Music isn't going to benefit from 7.1 (or 5.1, really) 99.9% of the time. Unless you happen to have one of those rare surround sound albums, that won't really matter.
For gaming, you can see benefits from both. To be pretty honest, I lean in the "7.1 is overkill" direction, too. I've never felt that 5.1 wasn't immersive enough, and with 7.1 you're pretty much running speakers and wires all over the place.
Even if you're interested in Blu-Ray movies, almost everything is still geared toward 5.1 setups.
I have some spare old speakers and tinkered with 7.1 briefly, but just found it to be pointless and cluttered.
7.1 is awesome for gaming when games support it. Some games (Arkham City, Sleeping Dogs, Borderlands 2) use crap like Wwise for the audio engine and Wwise doesn't support anything over 5.1 surround and then some developers are lazy and, while they use an audio API that supports 7.1, the game only supports 5.1 (Skyrim and XAudio2).
If you have enough room and properly place the 7.1 speakers then it's nice; having that extra set of speakers is nice. I pay a lot of attention to sound and, particularly in first person shooters, having the extra channels helps you locate people much quicker.
Finding a sub-$300 set might be difficult. I'd recommend an Onkyo HT-S5300 but it goes for $400. The speakers are better than skimpy cube speakers in that they actually have some mid-range to them. The receiver itself is good and you can upgrade the speakers around it; no proprietary connections so you can buy whatever speakers you want if you want to upgrade them later. Maybe find one used.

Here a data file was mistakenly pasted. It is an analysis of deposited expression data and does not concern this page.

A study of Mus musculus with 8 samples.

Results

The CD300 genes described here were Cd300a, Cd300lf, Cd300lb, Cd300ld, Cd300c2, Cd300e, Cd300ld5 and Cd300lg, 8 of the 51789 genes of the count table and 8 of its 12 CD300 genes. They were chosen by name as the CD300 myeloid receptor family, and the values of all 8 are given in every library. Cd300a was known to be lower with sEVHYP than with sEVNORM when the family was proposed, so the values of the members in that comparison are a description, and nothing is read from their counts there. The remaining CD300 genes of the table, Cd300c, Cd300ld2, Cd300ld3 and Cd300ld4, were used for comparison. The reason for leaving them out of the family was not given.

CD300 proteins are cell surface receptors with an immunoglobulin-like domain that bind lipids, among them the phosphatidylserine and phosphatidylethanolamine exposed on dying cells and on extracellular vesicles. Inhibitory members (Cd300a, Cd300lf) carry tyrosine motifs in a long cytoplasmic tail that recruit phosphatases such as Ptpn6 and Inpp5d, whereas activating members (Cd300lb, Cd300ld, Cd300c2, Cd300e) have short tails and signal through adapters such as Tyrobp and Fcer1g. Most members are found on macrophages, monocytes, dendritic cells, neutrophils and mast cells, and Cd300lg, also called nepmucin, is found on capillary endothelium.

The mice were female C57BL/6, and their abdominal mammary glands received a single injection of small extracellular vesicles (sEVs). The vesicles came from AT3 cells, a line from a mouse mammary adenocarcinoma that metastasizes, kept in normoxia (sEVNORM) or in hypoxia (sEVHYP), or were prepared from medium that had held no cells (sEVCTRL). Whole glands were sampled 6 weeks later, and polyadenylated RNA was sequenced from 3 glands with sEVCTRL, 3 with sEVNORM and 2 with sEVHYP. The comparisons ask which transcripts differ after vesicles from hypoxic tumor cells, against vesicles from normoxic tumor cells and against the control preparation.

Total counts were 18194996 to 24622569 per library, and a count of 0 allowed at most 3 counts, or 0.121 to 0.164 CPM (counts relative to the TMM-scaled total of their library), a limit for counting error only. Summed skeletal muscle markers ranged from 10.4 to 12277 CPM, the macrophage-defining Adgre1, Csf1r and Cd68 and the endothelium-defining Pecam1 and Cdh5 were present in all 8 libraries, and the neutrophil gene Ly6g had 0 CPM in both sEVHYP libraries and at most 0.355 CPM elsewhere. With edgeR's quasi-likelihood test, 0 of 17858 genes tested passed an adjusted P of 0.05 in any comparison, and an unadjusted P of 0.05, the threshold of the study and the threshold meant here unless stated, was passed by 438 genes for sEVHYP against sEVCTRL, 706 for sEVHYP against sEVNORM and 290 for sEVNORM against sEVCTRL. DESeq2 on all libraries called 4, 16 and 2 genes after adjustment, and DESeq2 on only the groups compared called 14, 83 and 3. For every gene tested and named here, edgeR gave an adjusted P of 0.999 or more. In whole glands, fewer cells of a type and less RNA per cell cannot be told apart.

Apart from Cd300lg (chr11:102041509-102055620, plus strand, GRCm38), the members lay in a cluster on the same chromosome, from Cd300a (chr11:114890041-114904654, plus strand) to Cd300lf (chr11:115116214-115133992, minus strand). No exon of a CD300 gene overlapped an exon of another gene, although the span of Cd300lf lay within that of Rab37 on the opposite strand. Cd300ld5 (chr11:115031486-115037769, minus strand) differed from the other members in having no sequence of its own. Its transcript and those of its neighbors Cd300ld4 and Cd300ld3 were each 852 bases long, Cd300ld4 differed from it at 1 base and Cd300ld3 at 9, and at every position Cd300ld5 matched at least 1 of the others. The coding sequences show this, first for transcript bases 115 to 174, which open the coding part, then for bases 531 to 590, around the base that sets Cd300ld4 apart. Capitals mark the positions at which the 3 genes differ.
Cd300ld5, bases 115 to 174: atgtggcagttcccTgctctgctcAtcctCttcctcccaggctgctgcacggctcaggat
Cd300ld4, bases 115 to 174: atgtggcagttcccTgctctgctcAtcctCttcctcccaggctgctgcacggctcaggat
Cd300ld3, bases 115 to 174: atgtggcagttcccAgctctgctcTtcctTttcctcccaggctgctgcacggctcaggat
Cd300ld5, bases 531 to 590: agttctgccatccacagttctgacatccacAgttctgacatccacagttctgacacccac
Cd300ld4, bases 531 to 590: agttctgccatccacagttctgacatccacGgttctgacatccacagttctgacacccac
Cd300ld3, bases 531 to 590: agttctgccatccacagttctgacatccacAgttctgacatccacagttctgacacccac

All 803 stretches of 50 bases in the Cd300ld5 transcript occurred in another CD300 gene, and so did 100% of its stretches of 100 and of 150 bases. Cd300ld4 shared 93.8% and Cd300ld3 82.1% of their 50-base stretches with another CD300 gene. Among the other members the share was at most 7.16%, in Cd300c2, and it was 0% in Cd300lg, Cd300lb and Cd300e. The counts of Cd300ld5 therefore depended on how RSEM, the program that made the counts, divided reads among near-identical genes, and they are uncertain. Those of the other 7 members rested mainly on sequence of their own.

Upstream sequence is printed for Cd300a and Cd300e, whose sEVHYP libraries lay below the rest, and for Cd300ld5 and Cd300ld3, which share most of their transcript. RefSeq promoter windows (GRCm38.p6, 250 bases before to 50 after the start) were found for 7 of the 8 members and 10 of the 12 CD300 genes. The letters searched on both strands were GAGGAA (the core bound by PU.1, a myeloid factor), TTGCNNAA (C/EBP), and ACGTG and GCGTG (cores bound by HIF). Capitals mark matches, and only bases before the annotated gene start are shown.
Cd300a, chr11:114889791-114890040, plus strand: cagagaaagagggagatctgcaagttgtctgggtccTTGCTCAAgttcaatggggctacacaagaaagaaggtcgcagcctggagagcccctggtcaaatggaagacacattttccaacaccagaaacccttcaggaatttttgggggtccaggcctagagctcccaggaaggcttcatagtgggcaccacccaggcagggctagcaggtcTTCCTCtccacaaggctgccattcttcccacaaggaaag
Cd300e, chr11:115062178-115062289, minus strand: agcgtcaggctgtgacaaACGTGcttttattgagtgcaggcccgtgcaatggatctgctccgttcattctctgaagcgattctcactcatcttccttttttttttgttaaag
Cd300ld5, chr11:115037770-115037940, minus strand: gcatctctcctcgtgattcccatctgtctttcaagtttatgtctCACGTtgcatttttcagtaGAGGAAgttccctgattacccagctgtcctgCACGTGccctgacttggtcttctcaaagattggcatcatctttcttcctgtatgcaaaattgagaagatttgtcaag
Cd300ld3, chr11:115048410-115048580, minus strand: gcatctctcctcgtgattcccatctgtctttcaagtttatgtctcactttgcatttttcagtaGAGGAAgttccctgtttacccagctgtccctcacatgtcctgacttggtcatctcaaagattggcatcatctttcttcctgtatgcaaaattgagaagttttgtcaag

Like I said, if it's properly setup, you'll notice it. Follow the instructions that show where to put the speakers, set your sound device in Windows to 7.1, don't use any fake surround matrixing, and it should sound good in games.
If you pay attention to sound, then you'll probably like it but if you don't really listen to the details then you probably shouldn't bother.
edit: Oh yeah, if you do go with just 5.1, Onkyo has 5.1 setups for less than $300. HT-S3500 and HT-S3400. I like these because the receiver is good and there are no proprietary connections so you can upgrade the speakers later.
If space isn't an issue the receiver route is the way to go if you really care about sound. You can start with the receiver and 2 speakers and build from there once you have more cash. If you plan ahead you can get cheaper speakers from a brand you like and later on upgrade and move the old speakers to the sides/surround.
If you don't care about sound that much then an all in one bundle will be just fine.
Energy Take Classic package ($150 when on sale) + a budget sub + something like a Denon AVR-1612 would run you about $450 and it'd be a solid step above one of the Onkyo HTiB package, though those are decent... I agree that starting slow (receiver + two decent bookshelves) might be the better route, but the Onkyo packages give you a good starting point too and a feel for how you wanna set up 5.1 in your room etc.